Southbound is a prime example of a horror omnibus film: even the weaker segments have something to recommend them.
Disney presents a film directed by Tim Burton. Written by Linda Woolverton, based on the books Alice's Adventures in Wonderland and Through the Looking Glass by Lewis Carroll. Running time: 108 minutes. Rated PG (for fantasy action/violence involving scary images and situations, and a smoking caterpillar).
As a young reader, I found Alice in Wonderland creepy and rather distasteful. Alice's adventures played like a series of encounters with characters whose purpose was to tease, puzzle and torment her. Few children would want to go to wonderland, and none would want to stay. The problem may be that I encountered the book too young and was put off by the alarming John Tenniel illustrations. Why did Alice have such deep, dark eye sockets? Why couldn't Wonderland be cozy like the world of Pooh? Watching the 1951 Disney film, I feared the Cheshire Cat was about to tell me something I didn't want to know.
Tim Burton's new 3-D version of "Alice in Wonderland" answers my childish questions. This has never been a children's story. There's even a little sadism embedded in Carroll's fantasy. It reminds me of uncles who tickle their nieces until they scream. "Alice" plays better as an adult hallucination, which is how Burton rather brilliantly interprets it until a pointless third act flies off the rails. It was a wise idea by Burton and his screenwriter, Linda Woolverton, to devise a reason that Alice (Mia Wasikowska) is now a grown girl in her late teens, revisiting a Wonderland that remains much the same, as fantasy worlds must always do.
Burton is above all a brilliant visual artist, and his film is a pleasure to regard; I look forward to admiring it in 2-D, where it will look brighter and more colorful. No artist who can create these images is enhancing them in any way by adding the annoying third dimension. But never mind that.
He brings to Carroll's characters an appearance as distinctive and original as Tenniel's classic illustrations. These are not retreads of familiar cartoon images. They're grotesques, as they should be, from the hydrocephalic forehead of the Red Queen (Helena Bonham Carter) to Tweedledee and Tweedledum (Matt Lucas), who seem to have been stepped on. Wonderland itself is not limited to necessary props, such as a tree limb for the Cheshire Cat and a hookah for the Caterpillar, but extends indefinitely as an alarming undergrowth beneath a lowering sky. Why you can see the sky from beneath the earth is not a fair question. (The landscape was designed by Robert Stromberg of "Avatar.")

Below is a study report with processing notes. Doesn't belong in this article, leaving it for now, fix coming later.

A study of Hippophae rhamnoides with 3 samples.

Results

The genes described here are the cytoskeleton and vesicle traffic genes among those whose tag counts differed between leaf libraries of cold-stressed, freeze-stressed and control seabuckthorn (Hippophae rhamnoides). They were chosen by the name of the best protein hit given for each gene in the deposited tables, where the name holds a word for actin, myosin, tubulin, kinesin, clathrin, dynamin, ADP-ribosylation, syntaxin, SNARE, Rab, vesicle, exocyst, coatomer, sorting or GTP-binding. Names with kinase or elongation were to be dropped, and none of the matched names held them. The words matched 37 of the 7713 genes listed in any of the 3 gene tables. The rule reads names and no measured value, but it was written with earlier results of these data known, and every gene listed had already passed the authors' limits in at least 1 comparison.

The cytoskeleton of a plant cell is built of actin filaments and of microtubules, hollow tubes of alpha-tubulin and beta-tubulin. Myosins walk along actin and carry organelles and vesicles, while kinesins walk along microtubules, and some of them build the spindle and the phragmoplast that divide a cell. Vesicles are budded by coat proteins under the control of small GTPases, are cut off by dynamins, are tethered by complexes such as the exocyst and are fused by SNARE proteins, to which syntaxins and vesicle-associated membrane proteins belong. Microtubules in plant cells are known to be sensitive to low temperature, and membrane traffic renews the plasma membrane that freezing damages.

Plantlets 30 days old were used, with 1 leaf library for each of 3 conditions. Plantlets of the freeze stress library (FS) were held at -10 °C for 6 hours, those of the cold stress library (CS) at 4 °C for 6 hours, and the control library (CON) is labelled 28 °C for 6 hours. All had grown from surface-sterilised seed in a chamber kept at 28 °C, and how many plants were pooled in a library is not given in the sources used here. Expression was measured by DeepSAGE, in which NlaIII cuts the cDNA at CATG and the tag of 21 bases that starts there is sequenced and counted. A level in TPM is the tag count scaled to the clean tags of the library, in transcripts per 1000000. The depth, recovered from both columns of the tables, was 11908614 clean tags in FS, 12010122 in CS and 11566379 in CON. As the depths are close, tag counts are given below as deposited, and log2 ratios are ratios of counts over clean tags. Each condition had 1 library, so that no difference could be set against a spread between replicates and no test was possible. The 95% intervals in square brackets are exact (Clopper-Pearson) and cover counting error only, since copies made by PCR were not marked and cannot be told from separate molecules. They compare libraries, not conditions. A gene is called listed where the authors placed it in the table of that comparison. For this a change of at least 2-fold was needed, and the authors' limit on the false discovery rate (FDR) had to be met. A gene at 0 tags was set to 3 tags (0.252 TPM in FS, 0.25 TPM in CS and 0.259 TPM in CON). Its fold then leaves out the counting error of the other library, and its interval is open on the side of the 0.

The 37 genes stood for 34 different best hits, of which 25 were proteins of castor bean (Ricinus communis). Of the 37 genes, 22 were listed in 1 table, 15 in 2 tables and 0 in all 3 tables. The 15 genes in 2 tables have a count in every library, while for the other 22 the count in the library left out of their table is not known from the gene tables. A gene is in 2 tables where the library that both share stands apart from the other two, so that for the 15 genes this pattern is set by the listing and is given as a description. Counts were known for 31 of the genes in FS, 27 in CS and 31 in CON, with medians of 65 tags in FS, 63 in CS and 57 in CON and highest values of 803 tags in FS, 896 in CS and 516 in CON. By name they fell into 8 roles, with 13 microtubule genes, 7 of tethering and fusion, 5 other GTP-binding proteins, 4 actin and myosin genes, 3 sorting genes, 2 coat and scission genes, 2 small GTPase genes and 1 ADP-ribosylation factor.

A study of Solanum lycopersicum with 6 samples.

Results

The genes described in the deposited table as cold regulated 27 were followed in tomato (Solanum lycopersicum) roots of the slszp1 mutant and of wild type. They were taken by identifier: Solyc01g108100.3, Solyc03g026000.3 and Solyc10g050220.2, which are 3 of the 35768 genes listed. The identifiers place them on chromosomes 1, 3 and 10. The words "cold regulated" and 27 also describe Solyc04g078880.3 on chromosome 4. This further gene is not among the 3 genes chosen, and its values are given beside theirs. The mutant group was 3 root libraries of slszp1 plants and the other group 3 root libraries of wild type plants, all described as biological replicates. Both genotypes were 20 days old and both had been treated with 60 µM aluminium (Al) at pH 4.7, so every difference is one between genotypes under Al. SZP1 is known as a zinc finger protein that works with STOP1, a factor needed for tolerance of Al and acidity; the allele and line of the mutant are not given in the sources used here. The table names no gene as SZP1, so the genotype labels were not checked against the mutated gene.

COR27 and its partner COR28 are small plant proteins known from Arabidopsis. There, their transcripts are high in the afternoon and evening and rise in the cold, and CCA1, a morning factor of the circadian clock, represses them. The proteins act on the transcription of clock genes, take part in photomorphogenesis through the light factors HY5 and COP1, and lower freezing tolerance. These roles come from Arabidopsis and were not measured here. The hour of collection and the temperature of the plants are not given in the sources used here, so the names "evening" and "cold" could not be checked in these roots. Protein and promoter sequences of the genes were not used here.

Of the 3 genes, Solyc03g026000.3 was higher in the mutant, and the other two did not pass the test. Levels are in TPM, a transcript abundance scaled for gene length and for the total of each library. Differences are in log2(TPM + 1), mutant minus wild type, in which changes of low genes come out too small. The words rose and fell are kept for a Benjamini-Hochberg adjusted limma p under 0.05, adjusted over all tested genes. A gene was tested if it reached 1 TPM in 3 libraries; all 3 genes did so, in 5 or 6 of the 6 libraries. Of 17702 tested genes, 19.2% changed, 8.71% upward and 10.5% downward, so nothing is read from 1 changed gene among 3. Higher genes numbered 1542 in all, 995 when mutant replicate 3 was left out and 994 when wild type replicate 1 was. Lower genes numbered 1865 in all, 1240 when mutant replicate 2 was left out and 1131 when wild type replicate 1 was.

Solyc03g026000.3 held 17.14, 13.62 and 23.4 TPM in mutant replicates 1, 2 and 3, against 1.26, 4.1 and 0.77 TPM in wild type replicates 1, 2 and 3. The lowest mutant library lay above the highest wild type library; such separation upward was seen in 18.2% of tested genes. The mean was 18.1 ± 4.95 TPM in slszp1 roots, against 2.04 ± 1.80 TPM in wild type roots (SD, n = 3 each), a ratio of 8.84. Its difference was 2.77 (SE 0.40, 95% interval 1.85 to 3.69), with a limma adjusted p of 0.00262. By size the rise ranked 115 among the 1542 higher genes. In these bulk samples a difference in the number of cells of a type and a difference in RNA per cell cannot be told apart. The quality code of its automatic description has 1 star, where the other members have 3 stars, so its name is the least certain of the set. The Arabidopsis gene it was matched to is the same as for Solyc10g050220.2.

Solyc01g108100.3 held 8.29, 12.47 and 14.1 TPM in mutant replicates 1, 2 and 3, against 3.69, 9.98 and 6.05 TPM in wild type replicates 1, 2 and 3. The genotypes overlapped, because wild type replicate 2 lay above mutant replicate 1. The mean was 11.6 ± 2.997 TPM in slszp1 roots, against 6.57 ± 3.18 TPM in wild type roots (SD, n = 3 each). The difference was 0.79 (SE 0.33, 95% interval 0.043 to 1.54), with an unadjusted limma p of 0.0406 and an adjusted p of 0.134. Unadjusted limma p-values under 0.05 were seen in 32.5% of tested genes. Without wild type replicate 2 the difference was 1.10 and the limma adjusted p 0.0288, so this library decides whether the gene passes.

When we meet her again, Alice has decidedly mixed feelings about her original trip down the rabbit hole, but begins to recall Wonderland more favorably as she's threatened with an arranged marriage to Hamish Ascot (Leo Bill), a conceited snot-nose twit. At the moment of truth in the wedding ceremony, she impulsively scampers away to follow another rabbit down another rabbit hole and finds below that she is actually remembered from her previous visit.
Burton shows us Wonderland as a perturbing place where the inhabitants exist for little apparent reason other than to be peculiar and obnoxious. Do they reproduce? Most species seem to have only one member, as if nature quit while she was ahead. The ringleader is the Mad Hatter, played by Johnny Depp, that rare actor who can treat the most bizarre characters with perfect gravity. Whoever he plays (Edward Scissorhands, Sweeney Todd, Jack Sparrow, Willy Wonka, Ichabod Crane), he is that character through and through.
This is a Wonderland that holds perils for Alice, played by Wasikowska with beauty and pluck. The Red Queen wishes her ill, and the White Queen (Anne Hathaway) wishes her well, perhaps because both are formed according to the rules of Wonderland queens. To be sure, the insecure White Queen doesn't exhaust herself in making Alice welcome. The Queens, the Mad Hatter, Alice, the Knave of Hearts (Crispin Glover) and presumably Tweedledee and Tweedledum are versions of humans; the others are animated, voiced with great zest by such as Stephen Fry (Cheshire), Alan Rickman (Absolem the Caterpillar), Michael Sheen (White Rabbit), Christopher Lee (Jabberwocky), Timothy Spall (Bayard) and Barbara Windsor (Dormouse).
The film is enchanting in its mordant way until, unfortunately, it arrives at its third act. Here I must apologize to faithful readers for repeating myself. Time after time I complain when a film develops an intriguing story and then dissolves it in routine and boring action. We've seen every conceivable battle sequence, every duel, all carnage, countless showdowns and all-too-long fights to the finish.
Why does "Alice in Wonderland" have to end with an action sequence? Characters not rich enough? Story run out? Little minds, jazzed by sugar from the candy counter, might get too worked up without it? Or is it that executives, not trusting their artists and timid in the face of real stories, demand an action climax as insurance? Insurance of what? That the story will have a beginning and a middle but nothing so tedious as an ending?